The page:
The House on Guin Road

by request from Lynn, who wanted a description of my getaway house.

I spent the week in a small, Midwest Missouri town, with my daughter and her welcoming housemates. The house is the childhood home of the two brothers who live here with three additional friends. It is an impressive dwelling, built into the side of a hill, and boasting two roomy levels. The beautiful hardwood floors and stone fireplaces complement a great-room that looks out onto an expansive deck. The light from the windows is perfect in the mornings, and makes me wish I were a painter, so I could capture the view on canvas and take it back home with me. Instead, I stand at the railing of the deck on this blustery March morning, and paint with ink and words into an old journal.

Behind the house is an old concrete structure, probably five feet above ground. It used to be a swimming pool --- but now it’s a bent, rectangular hole filled only partly with dirt and carpeted with a blanket of rich, green, mossy-looking growth. That green provides a sharp contrast to the winter yellow grass of the surrounding yard and the field beyond the gaping, weathered barn. Leggy, bleached-white saplings densely populate the hole in the concrete. Their bony limbs scrape and knock against each other in the wind like so many skeletons.

Towering over the south side of the pool of emaciated remains are two great pine trees, looking like worn bottlebrushes. Next to them, what were once second and third brothers are now a couple of bare stumps. One is probably eight foot tall, and the other nearly fifteen, both cut down in mid-life. Who can tell what mid-life is for trees of this magnitude? Perhaps they lived long and well, and their bottlebrush brothers are really living on borrowed time. Perhaps not. Nevertheless, they are imposing, stark creatures, peering desolately into the pool of skeletons, next to their aged brother pines.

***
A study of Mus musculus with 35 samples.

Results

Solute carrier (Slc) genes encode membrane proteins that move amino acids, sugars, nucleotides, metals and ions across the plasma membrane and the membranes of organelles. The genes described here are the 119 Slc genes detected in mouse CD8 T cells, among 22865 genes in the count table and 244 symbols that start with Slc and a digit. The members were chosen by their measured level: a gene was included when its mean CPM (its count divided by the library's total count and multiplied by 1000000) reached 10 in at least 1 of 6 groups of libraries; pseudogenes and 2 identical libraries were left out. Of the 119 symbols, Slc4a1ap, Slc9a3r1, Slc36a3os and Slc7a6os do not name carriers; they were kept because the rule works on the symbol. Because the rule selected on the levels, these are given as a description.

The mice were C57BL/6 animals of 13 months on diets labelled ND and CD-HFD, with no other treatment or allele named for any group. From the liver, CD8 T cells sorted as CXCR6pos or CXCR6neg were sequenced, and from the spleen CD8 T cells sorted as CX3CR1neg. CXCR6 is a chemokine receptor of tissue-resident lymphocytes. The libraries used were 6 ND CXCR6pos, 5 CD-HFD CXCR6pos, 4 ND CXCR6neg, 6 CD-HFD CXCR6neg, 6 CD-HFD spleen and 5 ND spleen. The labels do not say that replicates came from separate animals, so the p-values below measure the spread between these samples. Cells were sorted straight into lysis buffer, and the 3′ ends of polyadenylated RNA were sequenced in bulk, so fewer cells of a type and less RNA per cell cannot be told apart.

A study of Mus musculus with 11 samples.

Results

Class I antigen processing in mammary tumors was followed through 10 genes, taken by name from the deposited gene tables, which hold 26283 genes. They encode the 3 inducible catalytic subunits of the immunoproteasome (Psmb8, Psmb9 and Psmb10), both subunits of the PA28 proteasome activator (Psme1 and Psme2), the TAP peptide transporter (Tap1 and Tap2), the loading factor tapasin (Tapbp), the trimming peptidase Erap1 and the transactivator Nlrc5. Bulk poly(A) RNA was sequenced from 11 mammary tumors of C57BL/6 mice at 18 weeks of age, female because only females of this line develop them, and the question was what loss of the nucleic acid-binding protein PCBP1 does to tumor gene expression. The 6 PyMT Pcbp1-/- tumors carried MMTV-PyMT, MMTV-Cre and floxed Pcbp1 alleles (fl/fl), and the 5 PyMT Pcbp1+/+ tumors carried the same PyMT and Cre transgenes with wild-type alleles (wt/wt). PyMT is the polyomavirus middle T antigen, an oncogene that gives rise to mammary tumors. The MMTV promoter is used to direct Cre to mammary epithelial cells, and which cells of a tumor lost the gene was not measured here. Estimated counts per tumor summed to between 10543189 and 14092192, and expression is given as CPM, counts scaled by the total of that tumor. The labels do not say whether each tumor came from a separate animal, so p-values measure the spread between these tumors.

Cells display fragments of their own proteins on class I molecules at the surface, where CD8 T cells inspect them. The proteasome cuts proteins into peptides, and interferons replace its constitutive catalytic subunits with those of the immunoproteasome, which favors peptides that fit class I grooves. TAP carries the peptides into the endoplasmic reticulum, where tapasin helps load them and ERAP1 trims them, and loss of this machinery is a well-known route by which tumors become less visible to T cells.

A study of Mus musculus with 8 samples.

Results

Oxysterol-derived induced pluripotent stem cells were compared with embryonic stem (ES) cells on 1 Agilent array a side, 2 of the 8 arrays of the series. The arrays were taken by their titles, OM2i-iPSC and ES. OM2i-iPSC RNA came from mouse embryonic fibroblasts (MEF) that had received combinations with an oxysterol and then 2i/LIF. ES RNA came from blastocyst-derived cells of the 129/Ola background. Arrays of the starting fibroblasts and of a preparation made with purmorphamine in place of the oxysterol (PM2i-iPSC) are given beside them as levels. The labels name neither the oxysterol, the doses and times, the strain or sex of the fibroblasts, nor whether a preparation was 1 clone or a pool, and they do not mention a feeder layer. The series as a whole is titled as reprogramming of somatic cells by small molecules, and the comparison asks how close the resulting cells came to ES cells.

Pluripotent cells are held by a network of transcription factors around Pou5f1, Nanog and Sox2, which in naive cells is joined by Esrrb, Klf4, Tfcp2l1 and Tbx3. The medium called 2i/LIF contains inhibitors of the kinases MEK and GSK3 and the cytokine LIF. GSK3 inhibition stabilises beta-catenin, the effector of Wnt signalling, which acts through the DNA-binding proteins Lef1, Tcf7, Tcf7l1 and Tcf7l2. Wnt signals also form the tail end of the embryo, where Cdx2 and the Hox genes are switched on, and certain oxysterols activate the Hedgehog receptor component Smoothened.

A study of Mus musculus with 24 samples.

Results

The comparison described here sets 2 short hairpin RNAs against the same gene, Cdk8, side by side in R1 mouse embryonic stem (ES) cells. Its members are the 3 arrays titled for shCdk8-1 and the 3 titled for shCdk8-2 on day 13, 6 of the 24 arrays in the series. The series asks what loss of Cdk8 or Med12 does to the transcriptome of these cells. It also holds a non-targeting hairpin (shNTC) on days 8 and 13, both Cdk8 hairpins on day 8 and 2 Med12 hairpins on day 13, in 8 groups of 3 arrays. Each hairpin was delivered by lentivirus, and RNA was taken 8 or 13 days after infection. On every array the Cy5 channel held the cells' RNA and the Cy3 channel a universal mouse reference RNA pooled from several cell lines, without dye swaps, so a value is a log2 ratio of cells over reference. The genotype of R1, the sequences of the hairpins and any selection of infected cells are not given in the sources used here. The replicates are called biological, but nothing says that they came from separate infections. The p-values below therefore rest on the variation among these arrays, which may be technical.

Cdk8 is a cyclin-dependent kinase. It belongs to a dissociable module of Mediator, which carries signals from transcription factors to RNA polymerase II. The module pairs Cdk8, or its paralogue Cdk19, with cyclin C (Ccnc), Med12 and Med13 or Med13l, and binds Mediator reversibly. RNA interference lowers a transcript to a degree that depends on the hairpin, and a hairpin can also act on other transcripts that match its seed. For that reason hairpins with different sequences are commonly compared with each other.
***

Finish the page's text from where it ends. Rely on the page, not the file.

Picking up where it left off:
Just beyond this band of brothers, stands a grey and weathered barn. The gaps between the boards of the doors and walls are wide enough to afford a view straight through the structure, into a newer, more modern barn directly behind. The older building still stands, though covered in brown, stringy vines. They blend into the fa├žade on this warm, late-winter morning that only hints at spring. I wonder whether these vines will green once again when the season completes its change. Today, they line the front of the barn like wrinkles on the face of an old seaman who has seen every part of the world from the deck of a ship. Rusted metal farm implements of various shapes and sizes hang just beside the door. They sway in the wind that twists and tugs the curls from my hair, and brings tears to my eyes.

In an adjacent field, sit a curious sight---a black and yellow school bus with weeds growing up around the tires. Faded black lettering on the broadside is indiscernible from my vantage point. Crouching out there all alone, the beast looks rather ghostly, and I wonder about the person who sat in its driver seat, day after day, year after year. I imagine the school students mounting those steep steps through the folding door, and making their way down the aisles to find a place to sit. My memory is filled with the smell of green leather, high backed seats from my childhood bus rides; and I can faintly hear the clack-clack-clack of a dozen or more windows being opened to this relentless spring-warm wind. I wonder if today, that breeze carries the voices of children, echoing through that school bus.

Just up from the deep end of the pool is an odd little building, square with a peaked roof. Screened walls make up two sides, and the remaining two are crafted from the same grey boards as the older barn. There are gaps, probably sixteen inches wide, above and below these walls, and the screens on the opposite sides flap in the wind like dishtowels on a clothesline. I imagine that a strong gust could lift the entire structure from its foundation and transform it into a fantastic flying machine.

It’s amazing to me, how a change of scenery can fire the imagination of an artist, a musician, or a poet like myself. This old house with its strange noises, lovely angles and pools of light streaming into so many windows has made me feel quite welcomed. The first weeks of March are the last days of winter in my part of the country. Too often in that bleak barren time, creativity is a challenge. Who would have thought that an unassuming two-story home with a view like any other in this once rural community would give me the boost I needed to open my mind and move my pen?